Overview: An extremely smug maverick cop teams up with the least robotic robot ever in order to stop some lady from being too British, and possibly taking over Los Angeles, or blowing it up, or something.
Directed By: Virgil W. Vogel, 1986
The Case For: Includes lots of obvious "fade to black for commercial" moments from its previous life as a failed TV pilot, so you could splice some beer commercials in and then there'd be something worth watching.
The Case Against: Completely negates the last 50 years of feminist progress in the first 12 minutes. Extreme smarm of the protagonist will probably make you punch a hole in your television. Inane technobabble will overwrite any of the facts you haven't already forgotten from high school science class.
You know those ridiculous, cheezy, Jetsons-esque World of Tomorrow cliches of people in the 40s/50s fantasizing about the amazing high tech futureland of 1990s America where we'd all be camping on Mars with our sleek, obedient robo-wives and hover toasters and wise-cracking AI neighbors? Condor is kind of like that, only filtered through the even more delusional mind of a coke-ravaged, burned-out Hanna Barbara spin-off cartoon writer in 1986 and slopped together as incoherently as possible into an outrageously crappy TV pilot.
Starring Ray Wise, of Twin Peaks, "walk-on in every shitty TV cop drama ever made," and "Big Ass Spider" fame, the lovely and dynamic Carolyn Seymour (who you'll remember from timeless classics such as Mr. Mom and the straight-to-video Mortal Kombat movie sequel), and the big guy himself, Uncle Phil (James Avery), who is probably the most famous person in this movie despite barely being in it.
The entire plot of Condor revolves around a British supervillain bringing the US government to its knees by figuring out that every important computer in the country uses the same password (except the military, they changed their one password, but the LAPD couldn't do the same thing because question marks). Enter indomitable hero cop Chris Proctor - like any respectable loose cannon 80s cowboy, Proctor is a bitter, woman-hating prick/rage-fueled husk of a man on his very best of days, but damnit, sober or not, he gets the job done.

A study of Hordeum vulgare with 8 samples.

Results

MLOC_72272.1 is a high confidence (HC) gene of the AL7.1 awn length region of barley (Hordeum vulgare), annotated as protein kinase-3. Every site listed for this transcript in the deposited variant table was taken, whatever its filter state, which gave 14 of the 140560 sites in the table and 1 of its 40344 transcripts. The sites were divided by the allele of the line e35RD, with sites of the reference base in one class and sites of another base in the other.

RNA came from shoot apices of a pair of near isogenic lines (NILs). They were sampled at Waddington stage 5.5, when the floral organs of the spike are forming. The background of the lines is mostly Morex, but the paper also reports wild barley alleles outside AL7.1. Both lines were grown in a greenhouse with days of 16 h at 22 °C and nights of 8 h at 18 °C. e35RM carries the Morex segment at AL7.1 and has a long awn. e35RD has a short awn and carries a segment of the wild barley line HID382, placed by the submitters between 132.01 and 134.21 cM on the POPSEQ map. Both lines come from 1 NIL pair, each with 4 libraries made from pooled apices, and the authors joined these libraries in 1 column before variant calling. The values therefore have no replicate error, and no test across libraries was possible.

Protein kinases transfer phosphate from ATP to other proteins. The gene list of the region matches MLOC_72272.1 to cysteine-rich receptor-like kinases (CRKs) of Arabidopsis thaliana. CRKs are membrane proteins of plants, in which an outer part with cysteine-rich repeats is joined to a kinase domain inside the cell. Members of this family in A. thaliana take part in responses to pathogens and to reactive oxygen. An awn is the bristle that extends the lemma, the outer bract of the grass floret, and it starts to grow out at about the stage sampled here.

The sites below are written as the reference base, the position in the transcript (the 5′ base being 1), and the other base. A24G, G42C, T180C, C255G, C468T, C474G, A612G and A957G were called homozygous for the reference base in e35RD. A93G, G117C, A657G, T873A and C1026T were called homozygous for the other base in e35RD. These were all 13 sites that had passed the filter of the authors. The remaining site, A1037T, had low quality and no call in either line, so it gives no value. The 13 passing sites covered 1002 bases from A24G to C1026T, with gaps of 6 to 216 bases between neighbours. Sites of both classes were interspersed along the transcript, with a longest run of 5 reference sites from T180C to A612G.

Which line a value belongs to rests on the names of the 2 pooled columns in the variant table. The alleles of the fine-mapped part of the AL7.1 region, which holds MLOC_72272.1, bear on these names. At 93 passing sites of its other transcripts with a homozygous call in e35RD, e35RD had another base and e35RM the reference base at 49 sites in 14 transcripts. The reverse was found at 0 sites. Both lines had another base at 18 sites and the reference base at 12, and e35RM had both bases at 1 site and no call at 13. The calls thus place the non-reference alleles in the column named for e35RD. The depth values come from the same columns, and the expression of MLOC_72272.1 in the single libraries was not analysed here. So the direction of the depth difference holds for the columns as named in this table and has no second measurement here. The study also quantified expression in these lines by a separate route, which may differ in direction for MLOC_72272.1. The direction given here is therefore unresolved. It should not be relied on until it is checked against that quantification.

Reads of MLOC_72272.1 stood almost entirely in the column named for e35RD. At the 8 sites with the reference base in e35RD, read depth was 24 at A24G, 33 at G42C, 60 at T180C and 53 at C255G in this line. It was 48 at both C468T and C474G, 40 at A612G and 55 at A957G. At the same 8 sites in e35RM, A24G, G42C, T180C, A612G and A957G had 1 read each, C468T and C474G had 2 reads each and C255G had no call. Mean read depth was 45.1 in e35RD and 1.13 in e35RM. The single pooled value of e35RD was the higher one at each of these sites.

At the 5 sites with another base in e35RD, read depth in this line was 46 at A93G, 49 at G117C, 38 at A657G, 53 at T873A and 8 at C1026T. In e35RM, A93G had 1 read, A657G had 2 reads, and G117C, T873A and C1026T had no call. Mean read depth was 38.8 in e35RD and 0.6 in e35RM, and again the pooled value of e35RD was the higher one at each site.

Oh sure, he might not do everything "by the book" like some spineless card-punching bureaucrat, and yeah, once in awhile maybe a Christmas parade here and a busload of orphans there gets a little exploded in the process, but if that's what it takes to get his (wo)man, so be it. This isn't your naive little sissy boy scout unicorn fantasy fireside marshmallow singalong at Camp Feelings, this is the mean streets - the future mean streets - and when there's a genomically-augmented transhuman scum-keg lurking around every corner just aching for a chance to comp your Bubble Yum ass a one-way ticket to stiffsville, the so-called "rules" don't mean diddly-holoshit.
Proctor also tragically suffers from Murtaugh Syndrome - a rare genetic disease which renders its victim increasingly curmudgeonly and technophobic, until one day they just start involuntarily grumbling things like "I'm too old for this shit" and "I ain't young enough for this shit anymore" and "my age used to be appropriate for this shit, but now it isn't," before ultimately drowning in a malodorous cocktail of their own liquefied organs (not shown). It's good the whole three seashells thing never caught on in this future, or the movie might've ended with a belt and a ceiling fan in the first five minutes. Wait, that would've been awesome.
Then again, you can hardly blame the guy for being a bit of a technophobe in a world filled with trashcans that instantly disintegrate any/all matter that touches them and have absolutely no safety features like, you know, some rails or a "DO NOT TOUCH THIS, IT WILL BLAST YOU TO SMITHEREENS" sign or something. They must go through janitors pretty quickly around the CONDOR office, and the job description probably involves a clause about sweeping up the sizzling ashes of your predecessor(s) and dealing with the odor of charred human flesh soaked into all the carpets.
Of course, no shoddy 80s sci-fi buddy cop romp would be complete without a precocious ape, dog, and/or plucky robot sidekick, so enter Hampton: the least robotic robot in movie history. Proctor begrudgingly meets his new partner Hampton, and the rest of us learn a valuable lesson about how the only way a woman can ever measure up to a man in the workplace is if she secretly has a titanium skeleton that allows her to beat him at arm wrestling:
it's hard to shake the feeling that I've always got five stars in this Grand Theft Auto known as life.
Now, inexplicably, season three is looming over us like some sort of dome. Season one's plot asked whether or not the town could get out from under the dome. Apparently the answer was "no". Season two asked "I guess we're really stuck, huh?" and the answer was "yup".